Selections for August 2016

Lodi that works for me . . .


We only rarely access Lodi wines for you, and even more rarely do they happen to be Zinfandels.  With apologies to fans of the type, those wines can be too much of a good thing for our idea of drinkability, with overwhelming alcoholic weight, syrupy residual sugar, and an upsetting preponderance of lawn mower bag flavors.  I’m not sure what causes that last effect, but I suspect it has something to do with the environment in which the scent-susceptible thin-skinned Zinfandel clusters hang.  For their several months on the vine, those grapes may be taking on the smells of adjacent fields which are sometimes being groomed for their next planting of corn or some other crop.  These vacant patches are prepared with manure treatments, and you’ve certainly witnessed their fragrance whilst zooming along Highway 5, windows down. 

Am I suggesting Lodi Zin can smell like s - - -?  Maybe.  Does this one?  I think not. 

Let’s scrutinize this wine per my list of usual Lodi Zin complaints.  Does ZIN91 exhibit overwhelming alcoholic weight?  14% isn’t a low figure but it’s fairly modest for this wine type.  – But let’s quit obsessing about the number on the bottle since it’s probably not accurate anyway.  Trusting my senses, I’d say there’s nice refreshing restraint going on in my mouth, considering how these Zins can usually behave!

Does ZIN91 confer Port-like sweetness?  Nope.  It’s a fully dry wine.  Sure, we sense a generous “sweetness” of fruit but that’s a welcome flavor having nothing to do with residual sugar.  Be glad this wine ends with a nice dry grip which makes it more drinkable, more useful.  You can avoid palate fatigue and enjoy more of a dry, balanced wine.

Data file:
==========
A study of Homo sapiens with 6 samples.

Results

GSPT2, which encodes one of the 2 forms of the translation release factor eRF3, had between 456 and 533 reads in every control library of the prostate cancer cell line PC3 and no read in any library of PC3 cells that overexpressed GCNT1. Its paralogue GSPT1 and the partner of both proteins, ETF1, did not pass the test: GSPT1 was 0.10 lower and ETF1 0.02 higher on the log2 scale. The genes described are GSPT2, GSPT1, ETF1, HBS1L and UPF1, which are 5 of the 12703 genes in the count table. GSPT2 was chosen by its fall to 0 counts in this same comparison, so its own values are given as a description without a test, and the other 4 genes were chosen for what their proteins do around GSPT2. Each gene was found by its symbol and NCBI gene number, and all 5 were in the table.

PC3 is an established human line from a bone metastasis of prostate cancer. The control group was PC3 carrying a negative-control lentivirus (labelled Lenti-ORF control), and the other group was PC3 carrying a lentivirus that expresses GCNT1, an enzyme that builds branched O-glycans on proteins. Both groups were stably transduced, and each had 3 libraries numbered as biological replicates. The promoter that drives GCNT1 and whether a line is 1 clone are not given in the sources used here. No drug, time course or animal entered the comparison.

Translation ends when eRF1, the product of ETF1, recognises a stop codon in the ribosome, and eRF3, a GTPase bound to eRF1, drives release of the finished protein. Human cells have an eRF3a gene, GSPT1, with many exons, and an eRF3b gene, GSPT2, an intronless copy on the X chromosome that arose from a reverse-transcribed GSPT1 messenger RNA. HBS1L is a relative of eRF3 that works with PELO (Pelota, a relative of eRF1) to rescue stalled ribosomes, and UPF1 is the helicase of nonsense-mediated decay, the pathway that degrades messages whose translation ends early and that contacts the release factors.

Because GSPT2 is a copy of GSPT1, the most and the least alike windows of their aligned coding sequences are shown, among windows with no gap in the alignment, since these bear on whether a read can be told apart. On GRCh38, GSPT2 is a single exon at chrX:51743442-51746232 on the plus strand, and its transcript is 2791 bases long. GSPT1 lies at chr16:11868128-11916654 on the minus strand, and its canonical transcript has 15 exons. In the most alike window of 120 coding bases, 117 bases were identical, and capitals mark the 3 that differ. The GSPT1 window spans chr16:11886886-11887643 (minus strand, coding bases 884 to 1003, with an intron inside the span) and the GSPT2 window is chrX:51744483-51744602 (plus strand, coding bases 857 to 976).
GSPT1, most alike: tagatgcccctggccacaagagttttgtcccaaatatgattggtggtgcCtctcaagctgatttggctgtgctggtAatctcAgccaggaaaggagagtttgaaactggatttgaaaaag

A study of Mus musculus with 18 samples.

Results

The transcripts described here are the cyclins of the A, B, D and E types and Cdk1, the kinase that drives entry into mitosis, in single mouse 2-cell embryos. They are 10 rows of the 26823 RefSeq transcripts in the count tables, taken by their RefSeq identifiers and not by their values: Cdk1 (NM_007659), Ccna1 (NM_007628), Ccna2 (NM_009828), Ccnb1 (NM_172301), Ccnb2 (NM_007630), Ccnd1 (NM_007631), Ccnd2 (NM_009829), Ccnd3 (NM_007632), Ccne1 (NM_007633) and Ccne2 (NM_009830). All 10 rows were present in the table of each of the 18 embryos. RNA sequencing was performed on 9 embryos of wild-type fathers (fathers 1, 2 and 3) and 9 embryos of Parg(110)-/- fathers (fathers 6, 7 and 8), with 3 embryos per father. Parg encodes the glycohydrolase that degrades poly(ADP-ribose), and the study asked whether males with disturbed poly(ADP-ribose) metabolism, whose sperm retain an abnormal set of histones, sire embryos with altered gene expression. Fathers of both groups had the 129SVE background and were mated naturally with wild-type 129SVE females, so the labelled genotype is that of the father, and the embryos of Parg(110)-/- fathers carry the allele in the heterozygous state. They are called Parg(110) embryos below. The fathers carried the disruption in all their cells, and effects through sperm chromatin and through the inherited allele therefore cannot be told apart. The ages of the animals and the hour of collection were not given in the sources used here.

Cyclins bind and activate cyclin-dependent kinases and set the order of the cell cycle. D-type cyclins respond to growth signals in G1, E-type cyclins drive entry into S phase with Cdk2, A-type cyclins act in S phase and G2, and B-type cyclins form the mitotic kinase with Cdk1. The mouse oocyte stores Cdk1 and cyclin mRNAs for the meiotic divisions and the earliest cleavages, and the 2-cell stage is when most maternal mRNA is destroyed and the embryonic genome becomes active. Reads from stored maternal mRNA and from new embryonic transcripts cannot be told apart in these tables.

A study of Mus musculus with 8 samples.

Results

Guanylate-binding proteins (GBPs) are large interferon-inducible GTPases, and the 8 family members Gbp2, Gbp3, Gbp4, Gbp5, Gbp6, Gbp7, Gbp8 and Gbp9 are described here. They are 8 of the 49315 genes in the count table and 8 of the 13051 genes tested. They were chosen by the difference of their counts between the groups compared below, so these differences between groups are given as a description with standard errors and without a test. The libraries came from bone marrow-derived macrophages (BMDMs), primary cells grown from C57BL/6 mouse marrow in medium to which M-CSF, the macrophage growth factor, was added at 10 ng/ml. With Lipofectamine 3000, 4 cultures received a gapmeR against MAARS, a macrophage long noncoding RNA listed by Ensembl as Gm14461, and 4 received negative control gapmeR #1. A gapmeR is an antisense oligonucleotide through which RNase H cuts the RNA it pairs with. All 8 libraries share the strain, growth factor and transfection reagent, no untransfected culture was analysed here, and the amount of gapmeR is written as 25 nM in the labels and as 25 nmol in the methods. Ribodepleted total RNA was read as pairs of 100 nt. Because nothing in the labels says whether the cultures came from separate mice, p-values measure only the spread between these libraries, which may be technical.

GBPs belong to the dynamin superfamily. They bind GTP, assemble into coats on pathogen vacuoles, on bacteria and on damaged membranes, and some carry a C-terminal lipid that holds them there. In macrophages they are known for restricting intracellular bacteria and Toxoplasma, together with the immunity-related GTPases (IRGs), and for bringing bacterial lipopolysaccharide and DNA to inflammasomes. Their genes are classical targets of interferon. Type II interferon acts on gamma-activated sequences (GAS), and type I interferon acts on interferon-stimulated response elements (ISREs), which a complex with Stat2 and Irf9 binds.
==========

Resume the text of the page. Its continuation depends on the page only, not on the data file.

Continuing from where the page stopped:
Does it exhibit “lawn mower bag” flavors?  Not overwhelmingly.  I suppose such a signature of place in a wine is commendable as long as competing scents and flavors keep the wine in the range of gulpable usefulness.  ZIN91 says a lot of things, including peppermint, tobacco, soft plums, fresh berries, and juicy cherries.  It declares those with refreshing restraint.  It is Lodi Zin that works, and does not smell like s - - - !  

The cure for Monastrell

2014 CARRO – Yecla, Spain

I burned out on Spanish Monastrell some time ago, considering most of them as having TOO much character.  Yes, certain wines like Torrontes, Gewurztraminer, and Monastrell possess that possibility.  In this varietal’s case the sense of thick, sweet, hickory-oriented barbecue sauce flavors was an OVER-provision; impressive by the sip, but quickly wearying by the whole glass. 

Monastrell is Spain’s Mourvèdre, predominating in the country’s southeast wine regions of Jumilla, Alicante, and here in Yecla.  This is hot country, yielding wines of deep concentration from old head-trained vineyards.  Making more delicate and balanced Monastrell is pretty much out of the question. 

This ‘Carro’ is a thoughtful solution, utilizing the practice of blending.  While Monastrell remains a main character at 50%, other players bring moderation and dimension to the stage:  20% Syrah, 20% Merlot, and 10% Tempranillo are the supporting cast.

Robert Parker conferred 90 points on this inexpensive wine, reporting:

“The 2014 Carro is a ridiculous value in a full-bodied, complex, rich and savory dry red wine. Dense ruby/purple with notes of blackberry and blueberry fruit, licorice and camphor, the wine is totally unoaked and naked. This is a beauty of purity and richness and just goes to show what one can buy if careful with researching importers. Drink it over the next several years.” 

Enjoy with barbecue of all kinds; hickory flavors optional!